Globalisation and the commodification of sport as a product and as a business begs the question – is sport in contemporary society as significant as it has been for previous generations? A functional response sees claims that of course, “sport builds character”, “playing sport is good for our health”, or “sport builds team skills”. Many people take a narrow ideological stance claiming that PE should engage children in sporting activities, which in turn will make them fit and healthy. While this is problematic on a number of fronts – for example the limited amount of time allocated to PE in the school curriculum – PE is far more sophisticated than merely a site for physical activity accumulation. While claimed benefits to personal character formation and broader sociological assumptions about sport’s contributions are emotively appealing and often promoted through media and popular culture, becoming part of our culture vocabulary, the statements rarely hold up to critical scrutiny.

Sport does however play a significant role in contemporary society. Its influence exists in three areas: 1) Elite sport; 2) Community sport; and 3) School sport (including physical education). I have argued elsewhere that sport is a movement context capable of providing an educational justification for physical education in schools as it is capable of meeting two broad purposes of school – initiation into important bodies of knowledge and the guiding of individuals development as a functioning contributing member of society. The significance of an educational justification in schools has never been more important given global trends towards declining physical activity levels and at the same time concerns about the status of physical education and suggestions of the marginalisation of PE in curriculum time in many parts of the world and scepticism about the subjects’ future with provision of PE in many countries far from assured (Marshall & Hardman, 2000; Hardman, 2005; 2008; Marshall & Hardman, 2008; Hardman et al., 2013).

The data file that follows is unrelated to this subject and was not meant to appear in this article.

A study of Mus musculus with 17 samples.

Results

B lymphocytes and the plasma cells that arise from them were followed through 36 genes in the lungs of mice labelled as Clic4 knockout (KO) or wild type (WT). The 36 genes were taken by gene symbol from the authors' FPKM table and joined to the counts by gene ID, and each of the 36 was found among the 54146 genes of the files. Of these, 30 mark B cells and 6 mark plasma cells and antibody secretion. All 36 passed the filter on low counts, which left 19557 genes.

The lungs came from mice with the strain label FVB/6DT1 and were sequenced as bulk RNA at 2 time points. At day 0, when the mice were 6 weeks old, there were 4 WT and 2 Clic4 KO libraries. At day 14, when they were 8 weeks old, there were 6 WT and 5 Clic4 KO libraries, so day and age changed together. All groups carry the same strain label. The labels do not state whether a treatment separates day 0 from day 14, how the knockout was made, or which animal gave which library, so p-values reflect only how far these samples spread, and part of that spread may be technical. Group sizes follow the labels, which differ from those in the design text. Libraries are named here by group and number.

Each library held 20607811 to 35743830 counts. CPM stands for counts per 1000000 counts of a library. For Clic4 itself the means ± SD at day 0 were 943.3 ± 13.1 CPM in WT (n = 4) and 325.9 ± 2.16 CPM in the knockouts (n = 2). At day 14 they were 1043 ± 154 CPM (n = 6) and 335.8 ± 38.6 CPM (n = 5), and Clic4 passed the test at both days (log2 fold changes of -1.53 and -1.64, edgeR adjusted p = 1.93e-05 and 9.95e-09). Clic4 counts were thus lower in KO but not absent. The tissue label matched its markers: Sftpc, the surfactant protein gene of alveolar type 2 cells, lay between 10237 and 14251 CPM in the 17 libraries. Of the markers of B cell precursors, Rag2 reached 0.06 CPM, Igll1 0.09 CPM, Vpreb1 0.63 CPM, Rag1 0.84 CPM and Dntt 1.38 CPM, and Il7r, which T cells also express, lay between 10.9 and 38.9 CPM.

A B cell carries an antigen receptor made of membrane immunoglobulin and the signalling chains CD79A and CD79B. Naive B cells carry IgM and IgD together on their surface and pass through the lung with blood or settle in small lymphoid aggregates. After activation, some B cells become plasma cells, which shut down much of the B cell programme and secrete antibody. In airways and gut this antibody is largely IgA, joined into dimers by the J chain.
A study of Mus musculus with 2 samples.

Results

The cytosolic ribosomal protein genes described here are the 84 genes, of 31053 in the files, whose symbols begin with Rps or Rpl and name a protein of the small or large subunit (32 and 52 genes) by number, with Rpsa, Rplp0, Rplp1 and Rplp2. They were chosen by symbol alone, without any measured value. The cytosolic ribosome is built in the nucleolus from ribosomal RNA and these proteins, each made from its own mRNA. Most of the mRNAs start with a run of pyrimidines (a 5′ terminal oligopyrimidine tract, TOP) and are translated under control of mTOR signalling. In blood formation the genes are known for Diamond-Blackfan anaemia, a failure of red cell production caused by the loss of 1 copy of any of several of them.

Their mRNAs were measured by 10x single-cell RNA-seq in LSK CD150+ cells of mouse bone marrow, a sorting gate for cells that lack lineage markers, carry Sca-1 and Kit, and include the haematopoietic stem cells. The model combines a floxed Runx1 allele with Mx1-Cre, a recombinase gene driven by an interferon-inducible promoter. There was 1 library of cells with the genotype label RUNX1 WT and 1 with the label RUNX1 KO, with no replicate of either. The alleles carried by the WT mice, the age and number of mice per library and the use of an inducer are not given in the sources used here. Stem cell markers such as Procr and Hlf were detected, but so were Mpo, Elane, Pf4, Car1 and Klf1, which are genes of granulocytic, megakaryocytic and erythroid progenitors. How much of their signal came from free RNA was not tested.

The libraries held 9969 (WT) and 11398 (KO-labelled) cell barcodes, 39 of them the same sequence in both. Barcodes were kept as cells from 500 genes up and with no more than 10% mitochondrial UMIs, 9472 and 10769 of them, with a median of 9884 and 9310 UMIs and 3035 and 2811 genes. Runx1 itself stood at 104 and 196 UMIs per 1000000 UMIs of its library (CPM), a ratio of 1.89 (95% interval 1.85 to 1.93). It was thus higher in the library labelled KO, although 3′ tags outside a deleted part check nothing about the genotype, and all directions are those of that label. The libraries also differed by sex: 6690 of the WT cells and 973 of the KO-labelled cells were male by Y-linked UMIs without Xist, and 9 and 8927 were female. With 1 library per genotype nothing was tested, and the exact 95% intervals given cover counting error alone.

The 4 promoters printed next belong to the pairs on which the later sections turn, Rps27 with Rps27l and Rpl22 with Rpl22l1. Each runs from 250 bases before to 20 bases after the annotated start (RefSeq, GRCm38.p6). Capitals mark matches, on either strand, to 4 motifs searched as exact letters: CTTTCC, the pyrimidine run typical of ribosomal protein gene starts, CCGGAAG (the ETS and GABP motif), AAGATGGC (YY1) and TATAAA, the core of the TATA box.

Sport has been variously suggested as integral to the meaning of PE, a major orientating discourse (Tinning et al. 2001) providing a justification and a legitimating curriculum feature for PE (Williams 1985 cited in Bailey & Kirk 2009, p. 3). Moreover, different sporting activities can contribute to the learning process, and enable participation in a broader spectrum of sport (Bailey 2005). This is significant for the development of the child and participation in physical activity through orientated learning beyond the school years. This learning process, however, is not an imbedded ‘automatic’ or a ‘taken for granted’ outcome that can be attributed to sporting experiences within PE, or the school setting more broadly (such as lunchtime sports competitions and school sport programs). PE, however, has often been used in ways that are inconsistent with an education framing. For example, Tinning et al. cite the use of PE in primary schools “as either a cathartic or “kick-start” for the day’s academic work, rather than as a worthwhile educational experience in itself”’ (1993, p. 9). Indeed a common perception for many people is that school PE provides the capacity to ‘blow away the cobwebs’, a ‘brain break’ or ‘energiser’ to allow the ‘real work’ occurring in other subjects to begin. I argue PE’s educative purpose is a matter of curriculum design and pedagogical emphasis.

Remaining true to Arnold’s (1979) definition of learning in physical education, sport teaching and learning I argue PE curriculum design and pedagogy can create a context for:

  • Learning in sport – sport skill acquisition enabling an individual to be able to move and make tactical decisions efficiently and effectively in game situations
  • Learning about sport – recognising that sport is structured in certain ways to bring about certain things and
  • Learning through sport – understanding the embodied experience of sport.

The vision for sport teaching and learning I promote is the functional use of sport knowledge for active and engaged citizenship (Pill, 2009, 2011, 2015). Known as sport literacy, four distinct understandings of knowledge are considered in the construction of sport within PE:

  • Sport is an applied, practised and situated set of skills
  • Sport creates embodied meaning, and meaning that can be communicated, interpreted, understood, imaged and used creatively
  • Sport creates a ‘text’, which can be read for understanding
  • Understanding sport requires a learning process

(Pill, 2009, 2011, 2015).

My explanation of sport literacy presents sport as a physical, cultural, personal, social and cognitive experience for the demonstration of the acquisition and use of knowledge. It has two themes for the PE curriculum:

  1. Sport in PE can enhance students access to practices and ideas that can enable them to make positive contributions to society; and
  2. Sport helps students to understand the self and the society in which they live.

There are examples of sport in PE constructed to promote participation in and beyond school that I argue are explicit in their intent to develop what I have described as the understanding of knowledge behind sport literacy and its two themes for strengths-based and educatively justifiable PE. The Sport Education curriculum model (Siedentop 1994; Siedentop et al. 2004, 2011) is one such example. The Sport for Peace curriculum model (Ennis, Solon, Loftus, Mensch & McCauley, 1999) and Positive Youth Development through sport model emphasising the five “C’s” of positive development – competence, confidence, character, connections and compassion/caring, are others.